The 3/06/13 post suggested that Sound Transit’s 2013 East Link $93 million budget was not “prudent” when it failed to include “re-striping” needed to complete the 4th lane addition to the outer roadway or verifying the I-90 Bridge expansion joints could withstand the loads from their planned 4-car trains. The 3/09/13 post argued it made no sense for Sound Transit to spend $86 million towards the $1-1.5 billion cost for extending Central Link to Federal Way when the resultant train commute times will be 30 minutes longer than the current bus service. The 3/14/13 post proposed replacing some of the light rail train operations with less expensive buses.
This post explores the train/bus operating cost comparisons in more detail. The Sound Transit Quarterly Report for 2012 along with the Sound Transit 2013 Budget document provides the relevant information. The 2012 quarterly reports that express buses completed 453,004 trips during over 549,860 revenue hours of operation for an average 1.213 revenue hours per trip. The 2013 budget document (Page 44) includes an “Amended 2012” value of $183.15 cost per revenue hour (excluding depreciation) for a trip cost of $222.16. The quarterly report gives an average of 34.06 boarders per trip resulted in an average cost of $6.52 per boarder, essentially agreeing with the $6.51 value in the quarterly report.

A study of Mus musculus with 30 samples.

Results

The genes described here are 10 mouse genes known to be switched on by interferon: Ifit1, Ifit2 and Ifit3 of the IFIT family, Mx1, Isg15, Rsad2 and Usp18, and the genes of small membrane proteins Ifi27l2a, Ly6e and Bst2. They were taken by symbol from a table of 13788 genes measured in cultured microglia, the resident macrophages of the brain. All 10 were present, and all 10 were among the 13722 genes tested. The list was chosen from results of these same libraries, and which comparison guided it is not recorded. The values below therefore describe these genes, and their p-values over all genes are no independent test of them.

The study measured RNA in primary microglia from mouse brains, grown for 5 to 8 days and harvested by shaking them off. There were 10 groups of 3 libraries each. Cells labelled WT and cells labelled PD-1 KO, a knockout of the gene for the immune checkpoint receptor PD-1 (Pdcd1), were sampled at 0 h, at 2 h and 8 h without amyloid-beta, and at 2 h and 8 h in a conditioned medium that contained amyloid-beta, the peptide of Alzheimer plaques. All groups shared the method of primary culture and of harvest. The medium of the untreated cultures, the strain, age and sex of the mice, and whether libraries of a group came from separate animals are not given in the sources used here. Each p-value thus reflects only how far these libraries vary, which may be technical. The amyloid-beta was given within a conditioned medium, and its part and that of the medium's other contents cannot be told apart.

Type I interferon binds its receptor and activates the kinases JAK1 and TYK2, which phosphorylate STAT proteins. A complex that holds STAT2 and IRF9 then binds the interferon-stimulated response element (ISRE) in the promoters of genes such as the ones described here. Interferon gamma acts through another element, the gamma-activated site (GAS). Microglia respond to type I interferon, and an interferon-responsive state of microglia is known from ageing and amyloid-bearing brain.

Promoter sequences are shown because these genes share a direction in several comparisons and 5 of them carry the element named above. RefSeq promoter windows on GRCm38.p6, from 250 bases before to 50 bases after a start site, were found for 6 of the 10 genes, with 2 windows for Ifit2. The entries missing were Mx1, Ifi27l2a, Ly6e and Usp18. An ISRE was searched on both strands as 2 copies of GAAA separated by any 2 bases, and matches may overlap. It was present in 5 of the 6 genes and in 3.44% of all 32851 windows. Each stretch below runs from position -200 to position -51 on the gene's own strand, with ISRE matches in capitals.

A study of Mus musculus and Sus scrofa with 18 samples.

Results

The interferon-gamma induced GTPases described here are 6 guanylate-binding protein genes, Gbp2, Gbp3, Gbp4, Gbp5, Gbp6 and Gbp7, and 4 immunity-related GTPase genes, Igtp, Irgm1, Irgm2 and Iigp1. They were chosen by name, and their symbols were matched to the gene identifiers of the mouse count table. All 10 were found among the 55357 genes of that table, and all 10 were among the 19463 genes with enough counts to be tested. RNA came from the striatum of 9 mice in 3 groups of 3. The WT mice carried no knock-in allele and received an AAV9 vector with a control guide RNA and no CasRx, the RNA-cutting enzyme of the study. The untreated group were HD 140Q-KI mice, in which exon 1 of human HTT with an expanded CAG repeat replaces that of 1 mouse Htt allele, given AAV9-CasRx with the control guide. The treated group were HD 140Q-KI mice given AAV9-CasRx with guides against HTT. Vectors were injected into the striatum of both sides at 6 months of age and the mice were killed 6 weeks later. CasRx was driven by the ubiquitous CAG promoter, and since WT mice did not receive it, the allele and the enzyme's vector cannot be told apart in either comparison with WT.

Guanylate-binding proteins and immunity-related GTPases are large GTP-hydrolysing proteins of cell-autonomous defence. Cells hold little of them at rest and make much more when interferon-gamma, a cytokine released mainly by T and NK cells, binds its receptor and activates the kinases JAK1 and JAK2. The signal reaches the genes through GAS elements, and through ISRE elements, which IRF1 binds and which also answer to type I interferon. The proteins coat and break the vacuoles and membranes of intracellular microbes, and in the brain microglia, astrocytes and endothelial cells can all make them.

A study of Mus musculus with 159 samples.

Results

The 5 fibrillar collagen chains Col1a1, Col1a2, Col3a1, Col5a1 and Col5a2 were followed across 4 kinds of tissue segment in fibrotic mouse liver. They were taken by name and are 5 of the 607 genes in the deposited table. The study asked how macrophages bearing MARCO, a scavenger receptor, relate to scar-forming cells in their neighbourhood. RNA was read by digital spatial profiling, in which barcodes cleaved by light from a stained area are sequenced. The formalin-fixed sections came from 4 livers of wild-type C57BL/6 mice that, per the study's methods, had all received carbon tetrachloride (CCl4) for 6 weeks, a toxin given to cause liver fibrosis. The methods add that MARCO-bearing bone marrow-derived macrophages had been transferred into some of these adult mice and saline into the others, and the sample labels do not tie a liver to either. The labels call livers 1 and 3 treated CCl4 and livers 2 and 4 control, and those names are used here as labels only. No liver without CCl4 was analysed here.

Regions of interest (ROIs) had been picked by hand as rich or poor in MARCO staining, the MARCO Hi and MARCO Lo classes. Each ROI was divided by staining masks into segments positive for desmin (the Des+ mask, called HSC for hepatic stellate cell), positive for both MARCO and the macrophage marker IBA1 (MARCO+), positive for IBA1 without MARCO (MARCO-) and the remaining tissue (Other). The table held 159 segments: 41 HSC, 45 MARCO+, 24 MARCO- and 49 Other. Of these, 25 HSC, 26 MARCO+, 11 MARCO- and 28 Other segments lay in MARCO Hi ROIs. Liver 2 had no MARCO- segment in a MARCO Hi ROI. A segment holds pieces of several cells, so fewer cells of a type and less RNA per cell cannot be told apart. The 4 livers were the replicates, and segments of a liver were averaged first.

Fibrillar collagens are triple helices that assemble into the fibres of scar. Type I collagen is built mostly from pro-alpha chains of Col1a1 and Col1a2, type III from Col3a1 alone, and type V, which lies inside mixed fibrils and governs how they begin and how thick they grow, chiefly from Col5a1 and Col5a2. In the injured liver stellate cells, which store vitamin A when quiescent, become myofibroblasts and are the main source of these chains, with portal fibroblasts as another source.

The same report shows Central Link completed 90,834 trips using 136,167 revenue vehicle hours for an average of 1.499 rev.veh.hrs per trip. The 2013 budget document (Page 32) includes a 2012 Amended $411.08 per revenue vehicle hour (again excluding depreciation) for a trip cost of $625.85. The quarterly report average of 95.78 boarders per trip gives an average cost per boarder of $6.53. (Sound Transit apparently has a different method for light rail costs resulting in a $6.07 cost). The higher trip operating costs for trains can only be justified during the peak commute when demand justifies their added capacity. The higher train operating costs are also contrary to the commonly held perception that their high construction costs and other setup charges would be offset by reduced operating costs.
Obviously any light rail extension will increase the “trip” costs. The added costs make the Federal Way extension even more idiotic (3/09/13 Post) and raises question as to whether the Northgate extension will add sufficient riders to justify construction as well as increased operating costs. (It's particularly hard to justify any extension during two-vehicle operation with twice the operating costs) Light-rail-operating costs are just another reason among many (See 5/15/12 post) to replace Sound Transits East Link light rail system with BRT.